30 January 2010

Do you ever wonder...

Does this military life every leave you wondering "How the heck did I get here"? I don't mean that in a bad way, just that, do you ever wake up, look around and find yourself living in a state you never in a million years thought you would live in, unemployed, thinking to yourself... damn... I didn't see this one coming.

Of course this is part and parcel of being a MilSpouse. The Army's (insert your branch here) needs and wants of your spouse trump anything else... that is expected and at some point you just have to be okay with that. I suppose that I am. (Of course being okay with it and loving it are two different things, but that is a different post entirely.) Moving is what we do. Readjusting is the norm, every three years or so. Figuring out your new duty station and town and state is just par for the course.

Anyway, I'm sitting here on a Saturday morning, waiting out the last bit of this deployment, in a new place I never thought I'd live in, watching a Summerfest concert (Sugarland) on the telly (yay Palladia! I love you!) and getting all sorts of nostalgic for home and the life I (we) had before this PCS. Yes, I'm okay with this move and I am giddy at the thought of living with my husband for a change. But do I miss home? Do I miss the things I used to do with my friends who used to be close enough to do stuff with? Do I miss all the things that make Wisconsin Wisconsin? Do I get a bit homesick for the places that have been home for so long? You bet your sweet bippy I do.

BUT. (This is where the big girl panties go on and all that stuff I spewed the other day about sucking it up and moving on and perspective and yadda, yadda, yadda comes in). I'm also looking at this PCS as an opportunity. No, it isn't the Midwest that I grew up in and love. No, there isn't Summerfest. No, there aren't brats and beer and cheese everywhere you turn. No, my friends aren't mere hours or minutes away. No, I can't stand the local colleges (they ain't no Badgers). And no, it isn't my idea of Shangri-La. And yes, it is a strange, foreign place that I often just do. not. get. But that is okay. That is a reason to go out and explore. Go the the big cities here. Go to concerts here. Go to the insane state fair. Go see all the crazy things that make this place what it is.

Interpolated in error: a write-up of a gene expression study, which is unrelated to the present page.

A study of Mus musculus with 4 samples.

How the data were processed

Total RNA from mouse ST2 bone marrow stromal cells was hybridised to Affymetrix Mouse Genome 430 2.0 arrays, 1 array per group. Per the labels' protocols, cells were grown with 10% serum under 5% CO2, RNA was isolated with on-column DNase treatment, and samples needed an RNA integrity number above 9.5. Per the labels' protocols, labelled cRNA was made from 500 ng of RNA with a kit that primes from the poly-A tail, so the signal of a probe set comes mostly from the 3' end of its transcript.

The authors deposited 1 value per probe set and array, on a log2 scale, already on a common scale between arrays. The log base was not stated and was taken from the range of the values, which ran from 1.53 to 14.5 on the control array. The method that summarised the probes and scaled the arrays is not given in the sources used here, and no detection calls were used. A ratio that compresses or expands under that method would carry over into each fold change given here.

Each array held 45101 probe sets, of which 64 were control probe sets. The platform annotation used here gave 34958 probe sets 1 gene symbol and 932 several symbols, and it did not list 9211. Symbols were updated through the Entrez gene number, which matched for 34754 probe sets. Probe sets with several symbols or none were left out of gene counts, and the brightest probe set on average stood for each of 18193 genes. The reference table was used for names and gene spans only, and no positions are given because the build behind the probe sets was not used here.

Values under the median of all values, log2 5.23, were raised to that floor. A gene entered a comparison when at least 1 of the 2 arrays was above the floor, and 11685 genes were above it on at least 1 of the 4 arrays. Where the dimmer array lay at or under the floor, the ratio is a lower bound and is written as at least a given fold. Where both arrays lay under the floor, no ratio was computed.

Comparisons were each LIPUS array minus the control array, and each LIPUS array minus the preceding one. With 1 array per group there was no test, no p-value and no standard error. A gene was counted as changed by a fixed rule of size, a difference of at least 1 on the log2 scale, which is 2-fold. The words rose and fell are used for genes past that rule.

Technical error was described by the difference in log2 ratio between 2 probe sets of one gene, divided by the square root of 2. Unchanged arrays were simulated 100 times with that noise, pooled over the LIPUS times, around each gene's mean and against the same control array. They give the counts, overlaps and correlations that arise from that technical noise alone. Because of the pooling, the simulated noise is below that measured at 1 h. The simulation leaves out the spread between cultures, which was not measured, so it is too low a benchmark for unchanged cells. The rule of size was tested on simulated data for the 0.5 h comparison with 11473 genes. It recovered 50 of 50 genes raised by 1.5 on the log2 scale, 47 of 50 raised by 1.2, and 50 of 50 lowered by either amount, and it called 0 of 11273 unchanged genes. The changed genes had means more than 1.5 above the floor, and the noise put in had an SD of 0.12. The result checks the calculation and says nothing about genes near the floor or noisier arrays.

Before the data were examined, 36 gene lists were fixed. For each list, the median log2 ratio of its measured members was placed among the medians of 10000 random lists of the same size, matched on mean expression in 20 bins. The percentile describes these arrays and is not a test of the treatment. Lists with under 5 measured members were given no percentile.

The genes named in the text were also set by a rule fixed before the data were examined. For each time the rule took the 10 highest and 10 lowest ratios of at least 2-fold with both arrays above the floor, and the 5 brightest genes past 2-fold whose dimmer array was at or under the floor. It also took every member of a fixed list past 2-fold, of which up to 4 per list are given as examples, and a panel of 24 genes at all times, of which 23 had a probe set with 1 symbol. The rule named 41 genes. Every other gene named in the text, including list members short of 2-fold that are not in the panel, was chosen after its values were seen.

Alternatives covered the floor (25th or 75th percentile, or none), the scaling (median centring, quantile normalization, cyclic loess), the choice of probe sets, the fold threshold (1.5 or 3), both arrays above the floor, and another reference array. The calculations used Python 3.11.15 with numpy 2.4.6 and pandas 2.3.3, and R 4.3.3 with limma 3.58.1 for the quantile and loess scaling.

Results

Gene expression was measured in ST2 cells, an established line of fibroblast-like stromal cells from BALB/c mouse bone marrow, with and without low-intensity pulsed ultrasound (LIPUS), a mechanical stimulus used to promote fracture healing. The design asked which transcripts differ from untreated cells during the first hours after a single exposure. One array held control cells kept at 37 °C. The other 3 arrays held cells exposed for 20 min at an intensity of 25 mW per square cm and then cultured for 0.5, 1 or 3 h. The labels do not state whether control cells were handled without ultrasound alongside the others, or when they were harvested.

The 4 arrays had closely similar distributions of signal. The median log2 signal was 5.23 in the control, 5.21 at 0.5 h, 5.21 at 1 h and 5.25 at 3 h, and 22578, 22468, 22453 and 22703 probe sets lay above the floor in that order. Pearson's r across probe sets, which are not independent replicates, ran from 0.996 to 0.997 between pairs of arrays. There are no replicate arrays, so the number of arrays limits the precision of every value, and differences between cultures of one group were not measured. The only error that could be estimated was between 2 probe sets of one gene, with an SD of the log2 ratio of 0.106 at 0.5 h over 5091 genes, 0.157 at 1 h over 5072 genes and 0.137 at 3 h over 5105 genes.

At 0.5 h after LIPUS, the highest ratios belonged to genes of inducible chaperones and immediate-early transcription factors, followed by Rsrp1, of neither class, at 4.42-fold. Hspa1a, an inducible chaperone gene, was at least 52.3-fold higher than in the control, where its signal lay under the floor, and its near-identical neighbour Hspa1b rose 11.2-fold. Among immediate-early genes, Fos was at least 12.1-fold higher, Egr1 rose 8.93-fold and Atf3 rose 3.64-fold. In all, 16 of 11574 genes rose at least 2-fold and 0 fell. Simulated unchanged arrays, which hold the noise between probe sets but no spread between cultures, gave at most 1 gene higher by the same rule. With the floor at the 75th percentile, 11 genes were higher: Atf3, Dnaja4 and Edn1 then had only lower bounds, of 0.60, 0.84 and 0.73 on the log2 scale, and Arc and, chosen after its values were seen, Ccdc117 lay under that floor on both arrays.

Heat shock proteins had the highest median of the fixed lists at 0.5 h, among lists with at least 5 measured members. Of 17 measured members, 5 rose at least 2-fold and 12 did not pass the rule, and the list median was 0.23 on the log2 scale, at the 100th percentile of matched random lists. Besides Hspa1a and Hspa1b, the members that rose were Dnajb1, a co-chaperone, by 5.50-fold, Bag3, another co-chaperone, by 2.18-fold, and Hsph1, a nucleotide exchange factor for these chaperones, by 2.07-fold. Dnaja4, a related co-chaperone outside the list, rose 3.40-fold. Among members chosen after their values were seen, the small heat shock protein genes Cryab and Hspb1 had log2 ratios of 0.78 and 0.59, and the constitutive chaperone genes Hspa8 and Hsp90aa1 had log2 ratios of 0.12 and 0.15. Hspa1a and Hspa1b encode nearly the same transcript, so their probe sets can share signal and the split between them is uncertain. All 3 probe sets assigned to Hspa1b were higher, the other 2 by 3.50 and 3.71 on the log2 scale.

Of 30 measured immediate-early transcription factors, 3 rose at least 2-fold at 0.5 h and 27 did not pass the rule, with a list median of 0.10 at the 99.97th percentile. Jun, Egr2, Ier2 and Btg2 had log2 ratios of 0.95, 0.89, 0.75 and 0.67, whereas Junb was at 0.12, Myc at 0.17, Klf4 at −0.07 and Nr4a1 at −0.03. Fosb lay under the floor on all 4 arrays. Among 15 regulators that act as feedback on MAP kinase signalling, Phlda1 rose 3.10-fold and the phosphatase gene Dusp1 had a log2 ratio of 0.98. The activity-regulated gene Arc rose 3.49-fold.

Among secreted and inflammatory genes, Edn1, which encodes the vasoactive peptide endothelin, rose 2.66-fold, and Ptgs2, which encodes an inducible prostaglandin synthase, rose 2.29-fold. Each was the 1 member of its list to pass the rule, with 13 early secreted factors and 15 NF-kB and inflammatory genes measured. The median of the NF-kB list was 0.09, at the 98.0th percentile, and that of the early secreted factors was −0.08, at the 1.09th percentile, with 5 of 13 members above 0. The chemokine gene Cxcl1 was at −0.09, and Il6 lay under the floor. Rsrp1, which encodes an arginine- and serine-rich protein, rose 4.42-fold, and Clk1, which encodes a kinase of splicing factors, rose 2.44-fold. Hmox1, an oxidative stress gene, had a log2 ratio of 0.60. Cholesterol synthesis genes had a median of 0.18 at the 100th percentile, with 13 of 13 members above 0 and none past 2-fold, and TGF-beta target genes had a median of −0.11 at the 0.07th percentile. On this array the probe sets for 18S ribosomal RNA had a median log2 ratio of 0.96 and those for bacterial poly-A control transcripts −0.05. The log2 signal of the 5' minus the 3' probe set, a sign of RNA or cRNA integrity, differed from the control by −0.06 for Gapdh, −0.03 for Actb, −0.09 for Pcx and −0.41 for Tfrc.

In short, this place being so different is exactly I (we) should treat it as a challenge... a travel destination, a place to discover, a place to figure out. We are going to explore and immerse ourselves in the litany of quirky things that make up this state. We are going to walk away from this duty station with at the very least, some great stories about the crazy things we did and saw here.

And maybe one day I will look back on our time here, see a concert or place on the telly, and get all nostalgic for this state too.


tehlia said...

My husband was in the army when we met and married, then he got out for 6years and re-enlisted. It still boggles my mind to think we both sat down and CHOSE this life again. All the pluses and minuses you can think of. And Now I sit in the middle of a small town in Kentucky trying to figure out what to do with my time. No job looking at school. We moved out here from Seattle, downtown city living. It is beautiful here but definitely an adjustment.

Love the thought of looking at this as a new adventure/challenge. Seeing this new place as something to conquer and find its hidden bits. If I were visiting I would have a plan of attach, sights planned out, why not treat it that way and play tourist.

Hope you find those things that bring great memories.

liberal army wife said...

um... that sitting and being nostalgic about where you are... I kinda doubt it. but maybe for the friends you will make there!


Hilary Jacobs said...

i wonder all the time. moving to georgia after never living anywhere other than northern california. closing my practice for a few years and moving on faith. only other milfolk can really get how wacky but right it is.